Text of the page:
As the CEO of a company where our business model is acquiring other businesses, I spend a lot of time networking with startup founders and entrepreneurs, and I see some people who are really prepared, and a lot of people who really aren’t.
Maybe that’s because planning your exit before you scale feels like tempting fate. Maybe you’re busy with the dozens of roles you have to take on to start a company in the first place. Or maybe you’re really passionate about running your business, so it doesn’t seem like you need a plan to hand it off.
The real reason to have an exit plan isn’t so that someone can acquire your business (although it’s a nice bonus to be prepared if it does come up). It’s because it makes your business more resilient for anything that comes up. And as all business owners know, “anything” can and will come up (usually at the worst time).
What follows is a list of great ideas to get your shit together whether you want to sell right now or not.
Don’t Mix Business and Personal
The same advice that goes for relationships goes for your records. This one’s super basic, but if you started your business as a side project, a lot of times you wind up paying for its expenses personal bank account because it’s convenient. Even solo founders bringing in a small (or no) MRR should:
- Pay all business expenses from a business bank account (and if you have multiple startup projects going, each one should have its own separate account).
- Set up business email accounts that are segmented by function (like support, sales, etc.) and easy to hand over. If you ever want or need someone else to handle one of your business functions, you don’t want to have to weed through and pull out personal emails.
- Have your business website hosted separately from any personal projects or other business ventures.
Get a Password Manager
Passwords are a pain in the butt, and as a business owner you’ll have about a million of them for everything from your payment gateway, your web hosting, your company’s social media profiles, to all those email accounts I just said you need. Here’s the truth: People are terrible at making passwords. That’s why so many businesses get hacked. Sign up for 1Password or LastPass. They’re well worth the few bucks a month you’ll pay to waste any more time thinking about passwords.
Look at Your Profits & Losses Monthly
Some founders love this task, others hate it, but you gotta do it. It’s not enough to know that money is coming in. You need to know where it’s coming from, where you should be investing more, and where you should be trimming fat. The discipline of managing expenses while growing MRR can be the difference between a good company and a great one.
Speaking of Looking at Data Monthly...
Analytics and KPI’s are two other things you should be tracking monthly. I repeat: It’s not enough to know that money is coming in. Founders almost always know what their MRR is, but you should also be tracking a multitude of other vital factors (like your committed MRR, your conversion rate from trials to paid customers, churn, the cost to acquire new customers, etc).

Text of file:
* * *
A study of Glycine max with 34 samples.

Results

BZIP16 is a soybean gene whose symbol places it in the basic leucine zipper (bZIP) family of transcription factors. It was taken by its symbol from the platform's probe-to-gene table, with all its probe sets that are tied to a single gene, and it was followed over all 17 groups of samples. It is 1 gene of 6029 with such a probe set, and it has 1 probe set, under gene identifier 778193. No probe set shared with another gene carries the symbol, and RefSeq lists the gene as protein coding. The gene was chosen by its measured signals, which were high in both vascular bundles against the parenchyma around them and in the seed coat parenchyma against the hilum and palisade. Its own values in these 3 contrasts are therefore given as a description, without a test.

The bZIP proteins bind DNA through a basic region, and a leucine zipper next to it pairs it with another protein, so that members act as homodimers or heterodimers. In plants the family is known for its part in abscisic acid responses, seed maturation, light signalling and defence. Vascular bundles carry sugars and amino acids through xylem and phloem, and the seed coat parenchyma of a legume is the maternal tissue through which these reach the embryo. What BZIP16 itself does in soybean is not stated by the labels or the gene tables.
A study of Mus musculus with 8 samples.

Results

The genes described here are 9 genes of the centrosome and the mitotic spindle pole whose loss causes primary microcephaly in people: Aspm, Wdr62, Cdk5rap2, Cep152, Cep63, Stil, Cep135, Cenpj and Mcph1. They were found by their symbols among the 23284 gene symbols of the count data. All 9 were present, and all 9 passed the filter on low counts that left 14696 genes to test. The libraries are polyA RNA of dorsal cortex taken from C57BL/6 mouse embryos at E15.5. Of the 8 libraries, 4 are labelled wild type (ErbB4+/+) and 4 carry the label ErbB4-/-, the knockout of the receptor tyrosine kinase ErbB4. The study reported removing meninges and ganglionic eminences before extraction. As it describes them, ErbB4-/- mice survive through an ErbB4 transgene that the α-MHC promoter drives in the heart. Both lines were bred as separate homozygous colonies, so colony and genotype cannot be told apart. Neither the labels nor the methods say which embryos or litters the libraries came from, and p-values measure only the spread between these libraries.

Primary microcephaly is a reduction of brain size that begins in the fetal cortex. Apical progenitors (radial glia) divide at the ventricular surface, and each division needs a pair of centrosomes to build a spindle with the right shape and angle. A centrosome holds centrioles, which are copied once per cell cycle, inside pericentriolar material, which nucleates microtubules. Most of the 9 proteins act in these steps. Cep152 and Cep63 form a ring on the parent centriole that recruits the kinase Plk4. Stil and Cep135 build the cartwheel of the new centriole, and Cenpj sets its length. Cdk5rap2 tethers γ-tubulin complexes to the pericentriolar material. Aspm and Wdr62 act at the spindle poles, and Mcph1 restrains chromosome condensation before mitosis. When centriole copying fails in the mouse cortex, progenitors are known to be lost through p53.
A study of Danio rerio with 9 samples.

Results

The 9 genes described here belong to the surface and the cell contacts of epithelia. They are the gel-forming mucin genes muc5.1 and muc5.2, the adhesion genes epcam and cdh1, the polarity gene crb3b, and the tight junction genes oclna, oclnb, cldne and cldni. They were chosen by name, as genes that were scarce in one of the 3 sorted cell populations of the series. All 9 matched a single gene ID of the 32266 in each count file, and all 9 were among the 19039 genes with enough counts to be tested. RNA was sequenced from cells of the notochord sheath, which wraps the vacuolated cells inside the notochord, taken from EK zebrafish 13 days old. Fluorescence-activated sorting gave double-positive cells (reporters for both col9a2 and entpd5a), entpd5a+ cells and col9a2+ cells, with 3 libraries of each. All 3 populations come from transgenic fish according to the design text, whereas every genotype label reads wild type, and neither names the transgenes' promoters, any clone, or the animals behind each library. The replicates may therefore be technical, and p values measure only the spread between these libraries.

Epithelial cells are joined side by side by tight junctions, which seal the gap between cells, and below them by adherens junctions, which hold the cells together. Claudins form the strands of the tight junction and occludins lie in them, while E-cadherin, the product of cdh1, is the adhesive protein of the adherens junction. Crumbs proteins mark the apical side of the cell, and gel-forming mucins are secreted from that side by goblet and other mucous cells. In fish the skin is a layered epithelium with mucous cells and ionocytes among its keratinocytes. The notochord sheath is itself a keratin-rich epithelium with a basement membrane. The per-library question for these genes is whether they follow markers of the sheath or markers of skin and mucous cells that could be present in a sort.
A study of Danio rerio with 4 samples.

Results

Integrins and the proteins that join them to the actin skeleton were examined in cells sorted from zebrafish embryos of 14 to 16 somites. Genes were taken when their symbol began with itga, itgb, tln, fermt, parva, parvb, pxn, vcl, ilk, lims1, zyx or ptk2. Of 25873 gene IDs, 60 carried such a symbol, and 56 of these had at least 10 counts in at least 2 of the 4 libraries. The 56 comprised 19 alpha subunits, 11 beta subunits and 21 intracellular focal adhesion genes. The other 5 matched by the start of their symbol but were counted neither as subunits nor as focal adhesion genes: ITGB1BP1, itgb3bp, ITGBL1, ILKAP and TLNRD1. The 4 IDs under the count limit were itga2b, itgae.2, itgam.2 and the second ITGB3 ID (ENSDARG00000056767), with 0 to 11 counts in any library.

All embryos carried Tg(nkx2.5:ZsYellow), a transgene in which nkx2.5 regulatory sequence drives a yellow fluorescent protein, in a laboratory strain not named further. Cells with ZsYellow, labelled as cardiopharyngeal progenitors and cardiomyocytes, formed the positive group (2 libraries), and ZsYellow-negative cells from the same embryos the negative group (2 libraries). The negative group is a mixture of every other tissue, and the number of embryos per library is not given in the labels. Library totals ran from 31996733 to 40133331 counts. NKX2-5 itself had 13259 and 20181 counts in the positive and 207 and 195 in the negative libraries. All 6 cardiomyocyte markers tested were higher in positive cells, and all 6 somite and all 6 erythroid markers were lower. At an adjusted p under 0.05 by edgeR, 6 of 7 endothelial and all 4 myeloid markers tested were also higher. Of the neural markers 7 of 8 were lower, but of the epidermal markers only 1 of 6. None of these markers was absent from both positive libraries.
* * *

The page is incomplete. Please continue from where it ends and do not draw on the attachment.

Don’t Wait Too Long to Hire
While it’s super common for bootstrappers to do everything in the business at first, one of the most common things I hear from founders is that they waited too long to make their first hire. You don’t need to bring on an expensive, full-time employee with benefits to have back up. A part-time freelancer to help out with critical, time-sensitive work can be very cost-effective, and will be a lifesaver if you catch the flu, or just want to take a day off. And since you already set up separate emails for your business functions, and saved all your passwords in a password manager, onboarding someone will be that much easier.
When I’m looking at a business as a buyer, I also place more value on a company that has an experienced team in place to carry on operations than one that’s being run by just the founder(s). Hire great people! They will pay dividends in the short-term and if/when you are ready to sell.
Embrace Remote Work
There’s no reason SaaS founders need to hire in their city or town, so take advantage of that fact and go remote from the beginning. It’s cheaper, you’ll have access to more talent, and you’ll have an easier time retaining good people. I see a lot of businesses who decide to go remote on their 5th or 6th hire, and that 5th or 6th person is always at a disadvantage, so do it right, and do it from the start.
Take Care with Your Contracts
You need contracts for anyone you hire, whether it’s a part-time freelancer, or a full-time employee. And if that freelancer or employee is a developer, you need to be sure you have a contract that transfers the IP of any code they touch back to the business (programmers own the copyright to their code by default, just like artists own the copyright to their work).
Do Your Future Self a Favor
Nothing I’ve outlined here is that difficult. In fact, it’s easy—as in, easy to do, but also easy to put off. But it’s these kinds of simple processes and habits that can easily make or break your business.
In the day-to-day, ignoring these tasks can mean you’re running your business with unnecessary risk and inefficiency. During a sale, they can have a big impact on your timeline, your valuation, and your transition.
A great mantra to keep in mind is this: "A great business to sell is a great business to own." All of these tips apply to both scenarios and will bring some calm and sanity to running your business regardless of whether you are thinking of selling or not.
Want more details on any or all of these steps, and why they matter all the time, plus how they can help you during a sale? We cover all of these business resiliency moves in more detail over on the SureSwift blog.
Do you have an exit or resilience plan for your business? Have your own advice to share? Leave a comment below and share your wisdom.